As the specter of a global trade war looms, U.S. investors might consider taking defensive measures. "Below the surface of the market, trade conflict would benefit the performance of most domestic-facing U.S. stocks relative to the most foreign-facing firms," according to a July 2017 note to clients from Peter Oppenheimer, chief global equity strategist at Goldman Sachs Group Inc. (GS), as quoted by CNBC.
Indeed, given President Trump's longstanding advocacy of protectionism, one of Goldman's ongoing investment themes since the 2016 election has been U.S. companies with sales that are largely, if not entirely, derived domestically. Below are seven stocks in Goldman's domestic sales basket that Oppenheimer recommends, per CNBC.
Protected From Protectionism
Of these seven companies, all derive 100% of their sales in the U.S., with the exception of Intuit, which is at 95%, per Goldman and CNBC. For these stocks, here are their price moves from the close on February 28 through the close on March 2, for year-to-date 2018, for full year 2017, plus their forward P/E ratios and dividend yields, per adjusted close data from Yahoo Finance:
- CSX Corp. (CSX): +2.5% recent; +0.5% YTD; +55.5% 2017; P/E 15; 1.6% yield
- CVS Health Corp. (CVS): -0.4% recent; -6.4% YTD; -5.8% 2017; P/E 10; 2.9% yield
- Dollar General Corp. (DG): -0.3% recent; +1.6% YTD; +26.9% 2017; P/E 17; 1.1% yield
- Intuit Inc. (INTU): +1.2% recent; +7.3% YTD; +39.2% 2017; P/E 27; 0.9% yield
- Public Storage (PSA): +0.3% recent; -6.7% YTD; -2.9% 2017; P/E 25; 4.1% yield
- Verizon Communications Inc. (VZ): +1.1% recent; -7.8% YTD; +4.0% 2017; P/E 10; 4.9% yield
- Wells Fargo & Co. (WFC): -1.7% recent; -4.8% YTD; +13.2% 2017; P/E 11; 2.7% yield
President Trump announced his plan to slap high tariffs on imported steel and aluminum on March 1. The S&P 500 Index (SPX) was down by 0.8% from the close on February 28 through the close on March 2. The index is up by 0.7% for the year-to-date, and advanced by 19.4% in 2017. The Investopedia Anxiety Index (IAI) indicates that our millions of readers worldwide are very concerned about the securities markets. (For more, see also: Trump May Kill Jobs With Tariffs, NAFTA Exit.)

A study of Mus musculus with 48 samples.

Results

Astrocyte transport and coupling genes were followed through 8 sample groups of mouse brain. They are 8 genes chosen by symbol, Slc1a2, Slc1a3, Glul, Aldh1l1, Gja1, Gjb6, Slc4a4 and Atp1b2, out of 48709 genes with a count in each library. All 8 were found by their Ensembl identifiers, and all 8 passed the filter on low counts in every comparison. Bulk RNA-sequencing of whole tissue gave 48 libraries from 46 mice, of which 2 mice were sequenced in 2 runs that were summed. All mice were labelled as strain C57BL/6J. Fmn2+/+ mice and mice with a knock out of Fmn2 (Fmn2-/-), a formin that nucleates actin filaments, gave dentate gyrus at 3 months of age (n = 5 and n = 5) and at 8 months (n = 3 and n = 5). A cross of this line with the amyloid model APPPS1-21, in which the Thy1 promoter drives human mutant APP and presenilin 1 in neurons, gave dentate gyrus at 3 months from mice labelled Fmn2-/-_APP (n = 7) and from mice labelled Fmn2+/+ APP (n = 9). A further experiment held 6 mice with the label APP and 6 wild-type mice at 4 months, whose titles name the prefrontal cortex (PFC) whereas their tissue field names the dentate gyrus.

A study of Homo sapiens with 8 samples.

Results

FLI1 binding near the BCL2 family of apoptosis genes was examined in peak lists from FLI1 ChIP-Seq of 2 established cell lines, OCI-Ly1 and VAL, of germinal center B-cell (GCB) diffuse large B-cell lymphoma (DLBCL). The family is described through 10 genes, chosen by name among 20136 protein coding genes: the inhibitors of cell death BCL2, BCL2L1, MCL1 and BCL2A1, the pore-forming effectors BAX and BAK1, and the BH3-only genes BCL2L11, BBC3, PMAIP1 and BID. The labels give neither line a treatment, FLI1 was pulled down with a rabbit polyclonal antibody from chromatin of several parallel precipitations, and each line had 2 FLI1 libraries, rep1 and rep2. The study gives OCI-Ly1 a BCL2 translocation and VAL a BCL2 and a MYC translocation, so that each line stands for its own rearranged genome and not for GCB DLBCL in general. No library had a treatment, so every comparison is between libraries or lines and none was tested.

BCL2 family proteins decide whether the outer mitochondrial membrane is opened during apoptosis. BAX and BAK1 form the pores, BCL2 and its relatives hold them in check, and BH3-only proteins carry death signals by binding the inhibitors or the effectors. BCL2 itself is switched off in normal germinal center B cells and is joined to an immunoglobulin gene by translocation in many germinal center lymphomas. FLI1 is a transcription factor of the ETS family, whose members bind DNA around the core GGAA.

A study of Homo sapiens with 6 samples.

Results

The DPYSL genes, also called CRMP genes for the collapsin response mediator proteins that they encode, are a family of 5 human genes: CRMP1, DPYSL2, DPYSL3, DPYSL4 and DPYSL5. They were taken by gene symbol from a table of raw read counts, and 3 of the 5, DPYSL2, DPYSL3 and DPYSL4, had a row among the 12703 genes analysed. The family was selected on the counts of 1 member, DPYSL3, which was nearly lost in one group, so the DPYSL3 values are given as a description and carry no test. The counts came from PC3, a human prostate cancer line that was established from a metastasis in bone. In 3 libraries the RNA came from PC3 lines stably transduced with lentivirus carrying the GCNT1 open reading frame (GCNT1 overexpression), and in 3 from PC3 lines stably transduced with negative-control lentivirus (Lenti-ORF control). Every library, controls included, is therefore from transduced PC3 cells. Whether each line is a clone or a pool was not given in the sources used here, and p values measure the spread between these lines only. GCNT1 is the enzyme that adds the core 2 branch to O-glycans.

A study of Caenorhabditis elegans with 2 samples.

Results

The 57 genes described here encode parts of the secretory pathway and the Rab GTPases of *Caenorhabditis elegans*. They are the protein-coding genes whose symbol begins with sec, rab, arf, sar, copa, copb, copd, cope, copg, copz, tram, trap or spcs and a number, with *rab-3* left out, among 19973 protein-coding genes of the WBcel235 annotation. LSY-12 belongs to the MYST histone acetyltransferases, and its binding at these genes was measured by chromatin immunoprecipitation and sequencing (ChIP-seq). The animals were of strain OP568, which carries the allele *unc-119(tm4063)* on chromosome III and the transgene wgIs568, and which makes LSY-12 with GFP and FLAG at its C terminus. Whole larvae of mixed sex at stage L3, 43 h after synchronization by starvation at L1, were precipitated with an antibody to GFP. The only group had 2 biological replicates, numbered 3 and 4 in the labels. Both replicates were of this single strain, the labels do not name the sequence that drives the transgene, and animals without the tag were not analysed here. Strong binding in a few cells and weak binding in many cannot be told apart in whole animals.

In the wake of Trump's tariff announcement, investors also have been hearing about rotating into small-cap stocks, which typically have a higher proportion of domestic sales than large caps. While this is generally true, the difference is not as dramatic as some might expect. According to data from FactSet Research Systems Inc. cited by MarketWatch, stocks in the small cap Russell 2000 Index (RUT) derive 20.6% of their revenue from outside the U.S., versus 30.3% for the large cap S&P 500. The Russell was up by 1.4% from the close on February 28 through the close on March 2, but down by 0.2% for year-to-date 2018.
As a result, some U.S. small-cap stocks actually can have very large exposures to sales abroad. A recent Investopedia article covered four top small caps, Lithia Motors Inc. (LAD), The Brink's Co. (BCO), Spectrum Pharmaceuticals Inc. (SPPI) and Axcelis Technologies Inc. (ACLS). Closer examination that they indeed represent a spectrum of international sales exposures. (For more, see also: Top 4 Small-Cap Stocks for 2018.)
A Closer Look
Lithia runs a chain of auto dealerships in the U.S., making it a purely domestic company. Semiconductor manufacturing equipment company Axcelis, on the other hand, derives over 83% of its sales from exports, per its February 6 earnings call. Armored car company Brink's operates in over 100 countries and generates 75% of its revenues from outside the U.S., per its annual report.
However, since Brink's is a service provider that operates through local affiliates, rather than an exporter of hard goods, it theoretically should be insulated from trade wars. In fact, insofar as trade wars will drive down the value of the U.S. dollar, companies such as Brink's will see an increase in their overseas revenues as converted into U.S. dollars. The bottom line: while small caps as a group may offer some shelter from a trade war, the degree of protection can vary greatly from company to company.